Today I had a number of errands to do. I could hear that it was extremely windy. It was whistling around the house. It sure didn’t make me feel really good about going out!
My first errand was a test at the hospital but turns out no one told me their hours so that was a bust. I will go back Monday. I proceeded to visit a friends apartment to check that all was well there as it is empty.
Once those two, less than fun, errands were done I visited my friendly Ceramica shop and then the Slow food market, Il Mercato della Terra in Umbertide, or our kilometer zero market. The SlowFood people had a booth set up. I also noticed most of the stands had taken on, as a new, temporary, employee, a handicapped young person. So sweet. I’m not sure nowadays how to say this in a politically correct way. But they looked to be mostly Downs Syndrome young people who did seem to be enjoying this new and stimulating activity. I was happy to see it.
I decided to buy a bag from the SlowFood booth. Here is a picture. It included four products which are considered rare since they are produced in small quantities with much manual work in the process.
It included many interesting things to include my favorite legumes. One, Fagiolina del Lago Trasimeno. The other Roveja di Civita di Cascia. Both of these come from Umbria and the nearby Marche. Both are ancient beans. They also gave me recipes to try.
The Fagiolina del Lago Trasimeno is a very local product grown near the big lake in Umbria. It is unknown outside of the area. Once it was widespread around the lake but the cultivation and harvest is long, tiring and still entirely manual — from sowing to harvesting to threshing. The maturation is gradual. The beans must be harvested every day for a couple of weeks. The plants are brought to the farmyard and dried, then beaten. Afterwards, using sieves, the beans are separated. It is a bean with an oval and tiny shape and can be of various colors: from cream to black through salmon and all shades of brown, even mottled. When they are cooked, they are tender, buttery and reminiscent of black-eyed peas.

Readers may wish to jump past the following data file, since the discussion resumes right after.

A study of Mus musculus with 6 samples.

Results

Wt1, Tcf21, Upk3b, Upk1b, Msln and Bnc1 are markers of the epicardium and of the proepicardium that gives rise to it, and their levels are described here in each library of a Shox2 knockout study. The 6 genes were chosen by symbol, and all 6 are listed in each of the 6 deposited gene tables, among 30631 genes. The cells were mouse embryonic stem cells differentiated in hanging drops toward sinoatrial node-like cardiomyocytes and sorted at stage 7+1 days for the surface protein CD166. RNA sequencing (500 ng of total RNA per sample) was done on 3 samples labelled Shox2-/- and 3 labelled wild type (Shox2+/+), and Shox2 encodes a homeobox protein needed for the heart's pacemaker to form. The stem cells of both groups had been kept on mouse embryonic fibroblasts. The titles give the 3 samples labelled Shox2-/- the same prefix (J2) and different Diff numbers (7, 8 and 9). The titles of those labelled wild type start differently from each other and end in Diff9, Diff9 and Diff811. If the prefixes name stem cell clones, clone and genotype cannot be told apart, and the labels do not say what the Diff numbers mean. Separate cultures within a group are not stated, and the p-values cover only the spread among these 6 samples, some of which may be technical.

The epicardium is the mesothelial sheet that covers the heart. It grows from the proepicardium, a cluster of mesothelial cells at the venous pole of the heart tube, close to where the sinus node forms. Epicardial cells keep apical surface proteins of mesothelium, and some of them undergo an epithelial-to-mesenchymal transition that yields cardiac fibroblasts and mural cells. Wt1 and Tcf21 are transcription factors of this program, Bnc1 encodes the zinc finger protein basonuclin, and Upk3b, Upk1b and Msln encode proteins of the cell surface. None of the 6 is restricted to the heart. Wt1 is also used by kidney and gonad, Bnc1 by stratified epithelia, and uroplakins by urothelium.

The Roveja is also very difficult to cultivate and harvest. It grows at high altitudes in the Sibillini Mountains. To harvest them, you have to work bent down and it takes a long time. This has discouraged the cultivation of roveja and has helped to ensure that almost no one today knows this small pea.
The next item, Grano Saraceno Decorticato, is translated as buckwheat. I looked up the producer. The Tamorri Vera farm is located in the Chiavano plateau which is 1000 meters above sea level, in Valnerina, on the border between Umbria and Lazio. It is family-run and in its third generation. The farm covers about 65 hectares where it grows its own cereals and legumes, in addition to fodder for cattle and sheep. The production of the products is organic and is part of the Slowfood Presidium of the buckwheat of Valnerina. I tried this out last night. I will show the result below.
The next item is also new to me. It is produced at Macelleria dell’Allevatore in Trestina, a town very nearby. It is a cured sausage. The word fegato means liver. So I assume it will be a liver sausage. I will have to report back. I do like most liver, Luther does not, so we will have a taste test!
I also picked up some fresh produce. As usual, I’m planning a hearty soup. I found turnips! Not a usual product.
My side dish for dinner last night was made from the buckwheat. I cooked half a cup in a cup of water for 20 minutes. It absorbed the water and got a lot bigger. I steamed some broccoli until crisp tender. Next I smashed and peeled a garlic clove and put it in olive oil until browned. Then discarded it. I sautéed mushrooms in the oil, then added the broccoli and last the buckwheat. To serve I sprinkled it with grated pecorino cheese. It was quite good. The grain has a distinctive flavor which I remember from Normandy France where it is a very popular product. It also is gluten free for those folks who don’t eat it.
This is a different Christmas than last year, which was a very sad and lonely Christmas. Everyone seems to be happy we are free to gather and do some of the traditional activities common to the season. Of course caution is advised so we all wear the masks and we do much outside. I see there will be many concerti and choral groups in the churches and museums around here. Ho Ho Ho!